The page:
Seb Elsworth

History and Philosophy

After graduating in history and philosophy, Seb spent two years on the LUU Exec. He was involved in leading the Union through major strategy and governance changes and significantly influenced the national debate on how students’ unions should be run. Seb is now head of policy at ACEVO.

What is your current profession?

I am Head of Policy at acevo, the Association of Chief Executives of Voluntary Organisations. We represent 2,000 chief executives of charities and other non-profit organisations and focus on developing leaders in order to make their organisations more effective. We are a leading national and international voice, speaking on behalf of our members in the media and significantly influencing government policy.

Describe your role.

I lead a team of 5 staff and our role is to influence government, policy makers, leaders within the sector and the public on issues which matter most to non-profit chief executives. These include the way in which charities can play a greater role in delivering and designing public services, the way in which they are funded, the way in which they are governed and why it is important for them to invest in leadership and development.

We work closely with ministers and officials in government, with think-tanks, with our members and with the media to get our messages across.

What did you do immediately after leaving University?

After graduating I was elected to the executive committee in Leeds University Union as Societies Officer. I was then re-elected as Finance and Commercial Services Officer. It was a great privilege to do that job for two years and I learned an enormous amount. As a team we were leading the Union through some really significant changes, developing a new strategy and new governance structures. I am really proud when I see how successful the Union is now and I am still close to the great people I worked with.

How did you get to be in your current role after leaving the University of Leeds?

Whilst at LUU I became very involved in national debates in the student movement about how Unions should reform their governance arrangements. In so doing I came across acevo and the work they had done on making organisations more professional. I met Stephen Bubb, acevo’s chief executive, and was invited to do an internship. I began working full time for acevo as a project officer in July 2006 and became Head of Policy In June 2007.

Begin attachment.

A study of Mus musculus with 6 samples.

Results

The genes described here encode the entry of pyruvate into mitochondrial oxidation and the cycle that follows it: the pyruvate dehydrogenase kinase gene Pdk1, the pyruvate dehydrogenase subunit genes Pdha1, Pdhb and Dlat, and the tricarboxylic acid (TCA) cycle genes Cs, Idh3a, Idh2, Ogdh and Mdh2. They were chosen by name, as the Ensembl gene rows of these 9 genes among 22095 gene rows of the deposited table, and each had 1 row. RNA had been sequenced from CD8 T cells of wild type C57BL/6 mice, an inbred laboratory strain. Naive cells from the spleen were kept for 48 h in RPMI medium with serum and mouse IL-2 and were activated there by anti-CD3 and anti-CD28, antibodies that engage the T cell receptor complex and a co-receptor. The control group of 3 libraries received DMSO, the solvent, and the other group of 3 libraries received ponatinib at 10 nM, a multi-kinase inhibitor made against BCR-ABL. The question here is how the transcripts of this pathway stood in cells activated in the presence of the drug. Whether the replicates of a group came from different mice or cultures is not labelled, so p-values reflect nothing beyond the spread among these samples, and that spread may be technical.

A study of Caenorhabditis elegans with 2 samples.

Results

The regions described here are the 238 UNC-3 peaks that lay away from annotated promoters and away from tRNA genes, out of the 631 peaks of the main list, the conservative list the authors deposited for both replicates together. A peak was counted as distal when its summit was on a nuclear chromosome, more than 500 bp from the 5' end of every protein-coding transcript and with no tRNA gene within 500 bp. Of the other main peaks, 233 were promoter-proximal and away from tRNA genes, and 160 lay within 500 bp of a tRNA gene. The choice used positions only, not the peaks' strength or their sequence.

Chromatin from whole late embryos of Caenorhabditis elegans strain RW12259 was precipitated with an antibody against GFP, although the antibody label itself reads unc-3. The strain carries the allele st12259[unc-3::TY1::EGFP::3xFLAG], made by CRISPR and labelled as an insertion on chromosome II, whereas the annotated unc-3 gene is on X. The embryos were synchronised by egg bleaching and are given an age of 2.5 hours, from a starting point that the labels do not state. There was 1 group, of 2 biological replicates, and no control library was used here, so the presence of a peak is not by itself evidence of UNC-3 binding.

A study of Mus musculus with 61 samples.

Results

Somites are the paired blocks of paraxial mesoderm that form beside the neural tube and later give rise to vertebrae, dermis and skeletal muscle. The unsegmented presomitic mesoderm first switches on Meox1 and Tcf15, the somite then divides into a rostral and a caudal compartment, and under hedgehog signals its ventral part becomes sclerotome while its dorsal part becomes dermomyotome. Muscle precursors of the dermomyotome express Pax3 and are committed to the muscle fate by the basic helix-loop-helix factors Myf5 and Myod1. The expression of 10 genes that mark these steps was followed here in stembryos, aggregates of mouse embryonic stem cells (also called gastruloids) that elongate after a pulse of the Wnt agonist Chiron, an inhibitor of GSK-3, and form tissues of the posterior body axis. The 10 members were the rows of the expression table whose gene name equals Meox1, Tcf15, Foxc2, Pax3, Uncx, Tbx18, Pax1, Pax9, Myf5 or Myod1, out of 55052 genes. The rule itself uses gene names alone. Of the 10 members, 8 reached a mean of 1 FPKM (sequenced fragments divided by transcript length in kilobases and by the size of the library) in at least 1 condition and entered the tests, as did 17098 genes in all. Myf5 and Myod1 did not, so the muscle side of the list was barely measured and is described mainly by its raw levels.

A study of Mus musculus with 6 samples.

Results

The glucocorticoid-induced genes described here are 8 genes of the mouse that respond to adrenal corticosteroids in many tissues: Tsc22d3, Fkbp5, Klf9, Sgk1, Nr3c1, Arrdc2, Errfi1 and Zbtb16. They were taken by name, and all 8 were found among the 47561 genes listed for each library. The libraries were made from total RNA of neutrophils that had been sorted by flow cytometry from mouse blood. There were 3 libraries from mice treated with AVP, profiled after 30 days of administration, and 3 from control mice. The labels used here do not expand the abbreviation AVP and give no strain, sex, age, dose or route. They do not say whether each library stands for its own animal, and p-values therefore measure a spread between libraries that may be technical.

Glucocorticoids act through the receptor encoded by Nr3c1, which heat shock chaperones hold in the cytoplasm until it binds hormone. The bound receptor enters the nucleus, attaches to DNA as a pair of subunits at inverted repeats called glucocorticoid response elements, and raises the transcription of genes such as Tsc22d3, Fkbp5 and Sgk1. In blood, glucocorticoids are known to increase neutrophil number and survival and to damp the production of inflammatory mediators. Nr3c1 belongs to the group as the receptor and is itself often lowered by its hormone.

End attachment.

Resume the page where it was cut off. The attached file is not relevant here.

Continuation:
What did you do whilst studying that helped pave the way into your chosen career?

I was not sure of how my career would evolve while I was studying, although I knew that I was unlikely to go into the corporate sector. I became increasingly involved in various activities in LUU, as the treasurer of the photography society, and as I learned more about the role on the executive committee being elected became my goal.

What skills and attributes did you develop as part of your course?

When you do a degree like History or Philosophy what you really take with you into a career like this is how to analyse and be critical of information and how to write succinctly. These are skills which I use every day.

What skills and attributes did you develop from your co-curricular activities?

Working in a small team to run the photo society taught me many of the skills around influencing people and building consensus which I use in the leadership roles which I have had. But getting involved in co-curricular activities was also a great way to meet people.

What advice would you have for students studying today?

Take all the opportunities that you have while you’re at Leeds. Never in your life will you have so many opportunities to try new things so easily.